VCU’s Buffington named National Higher Education Art Educator of the Year

VCU’s Buffington named National Higher Education Art Educator of the Year

The National Art Education Association has named Virginia Commonwealth University’s Melanie Buffington, Ph.D., the 2015 National Higher Education Teacher of the Year.

Buffington, assistant professor and graduate programs coordinator in the VCU School of the Arts’ Department of Art Education, has current research interests that include museum education, emerging technologies, culturally responsive pedagogy, contemporary art, service-learning and pre-service teacher preparation. She also has taught middle school art and interned in numerous museums.

Melanie Buffington is one the country's rising stars in the field of art education.

"Melanie Buffington is one the country's rising stars in the field of art education," said Joe Seipel, dean of the VCU School of the Arts. "What a great honor she is receiving. We are so proud to have her here at VCU."

The association will recognize Buffington at the National Art Education Convention in New Orleans in March. At the conference, the Women’s Caucus will also honor Buffington with the Kathy Connors Teaching Award.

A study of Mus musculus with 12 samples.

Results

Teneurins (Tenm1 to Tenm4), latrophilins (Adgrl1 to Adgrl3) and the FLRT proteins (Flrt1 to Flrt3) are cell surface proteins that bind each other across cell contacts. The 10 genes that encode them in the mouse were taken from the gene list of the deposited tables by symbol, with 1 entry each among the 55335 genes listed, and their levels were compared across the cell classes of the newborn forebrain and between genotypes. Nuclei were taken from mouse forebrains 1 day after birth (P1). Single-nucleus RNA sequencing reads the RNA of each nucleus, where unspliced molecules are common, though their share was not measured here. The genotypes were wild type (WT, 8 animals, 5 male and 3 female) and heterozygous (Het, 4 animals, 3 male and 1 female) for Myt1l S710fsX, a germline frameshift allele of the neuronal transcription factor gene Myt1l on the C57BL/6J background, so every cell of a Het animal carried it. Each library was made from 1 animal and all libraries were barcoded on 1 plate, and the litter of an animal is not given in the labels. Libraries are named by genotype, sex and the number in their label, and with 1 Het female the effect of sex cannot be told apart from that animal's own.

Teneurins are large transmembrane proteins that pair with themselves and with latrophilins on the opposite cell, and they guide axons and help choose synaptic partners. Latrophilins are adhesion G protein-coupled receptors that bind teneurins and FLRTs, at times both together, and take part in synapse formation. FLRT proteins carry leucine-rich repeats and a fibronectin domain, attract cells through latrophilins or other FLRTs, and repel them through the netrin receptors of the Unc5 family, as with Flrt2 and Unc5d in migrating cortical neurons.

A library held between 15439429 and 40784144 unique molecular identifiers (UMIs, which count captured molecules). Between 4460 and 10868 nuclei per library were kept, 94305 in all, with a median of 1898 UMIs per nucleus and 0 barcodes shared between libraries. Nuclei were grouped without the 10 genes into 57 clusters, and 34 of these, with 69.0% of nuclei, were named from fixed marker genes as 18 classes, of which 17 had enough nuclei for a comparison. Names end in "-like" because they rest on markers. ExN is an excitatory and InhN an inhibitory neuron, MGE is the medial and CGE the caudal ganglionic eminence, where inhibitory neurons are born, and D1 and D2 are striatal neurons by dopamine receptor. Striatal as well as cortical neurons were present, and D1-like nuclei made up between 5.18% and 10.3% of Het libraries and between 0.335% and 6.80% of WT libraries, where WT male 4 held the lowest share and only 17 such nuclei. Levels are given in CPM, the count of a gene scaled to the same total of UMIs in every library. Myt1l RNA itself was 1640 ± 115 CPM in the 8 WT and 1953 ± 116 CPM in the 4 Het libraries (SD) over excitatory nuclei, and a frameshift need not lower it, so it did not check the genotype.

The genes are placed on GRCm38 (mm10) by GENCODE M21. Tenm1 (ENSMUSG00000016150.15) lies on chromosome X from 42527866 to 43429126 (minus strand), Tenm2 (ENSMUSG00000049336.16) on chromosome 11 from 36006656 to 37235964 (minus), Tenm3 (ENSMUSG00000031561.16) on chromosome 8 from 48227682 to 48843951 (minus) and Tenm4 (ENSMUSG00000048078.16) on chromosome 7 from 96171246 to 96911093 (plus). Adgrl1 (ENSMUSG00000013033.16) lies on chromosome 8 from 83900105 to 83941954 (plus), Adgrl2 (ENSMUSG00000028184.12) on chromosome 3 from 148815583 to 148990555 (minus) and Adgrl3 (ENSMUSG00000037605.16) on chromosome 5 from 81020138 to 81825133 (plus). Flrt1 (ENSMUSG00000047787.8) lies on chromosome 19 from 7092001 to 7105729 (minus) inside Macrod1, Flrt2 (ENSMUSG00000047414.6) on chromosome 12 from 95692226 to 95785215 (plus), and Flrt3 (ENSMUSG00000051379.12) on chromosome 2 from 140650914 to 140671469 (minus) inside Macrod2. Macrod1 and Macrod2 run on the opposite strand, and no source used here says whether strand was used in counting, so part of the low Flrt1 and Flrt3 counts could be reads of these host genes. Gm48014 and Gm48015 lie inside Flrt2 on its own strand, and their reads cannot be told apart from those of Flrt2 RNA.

“We are so very fortunate to benefit from Dr. Buffington’s many talents and commitment to our department,” said Sara Wilson McKay, Ph.D., chair and associate professor, Department of Art Education.

In addition, Kim Turner Towne, VCU clinical faculty who supervises and hosts VCU student-teachers at Lucille Brown Middle School in Richmond Public Schools, was selected as the National Middle Level Art Educator of the Year.

The NAEA comprises visual arts educators. Members include primary, secondary and higher educators, researchers and scholars, teaching artists and students.

About VCU and VCU Medical Center

Virginia Commonwealth University is a major, urban public research university with national and international rankings in sponsored research. Located in downtown Richmond, VCU enrolls more than 31,000 students in 226 degree and certificate programs in the arts, sciences and humanities. Sixty-seven of the programs are unique in Virginia, many of them crossing the disciplines of VCU’s 13 schools and one college. MCV Hospitals and the health sciences schools of Virginia Commonwealth University comprise VCU Medical Center, one of the nation’s leading academic medical centers. For more, see www.vcu.edu.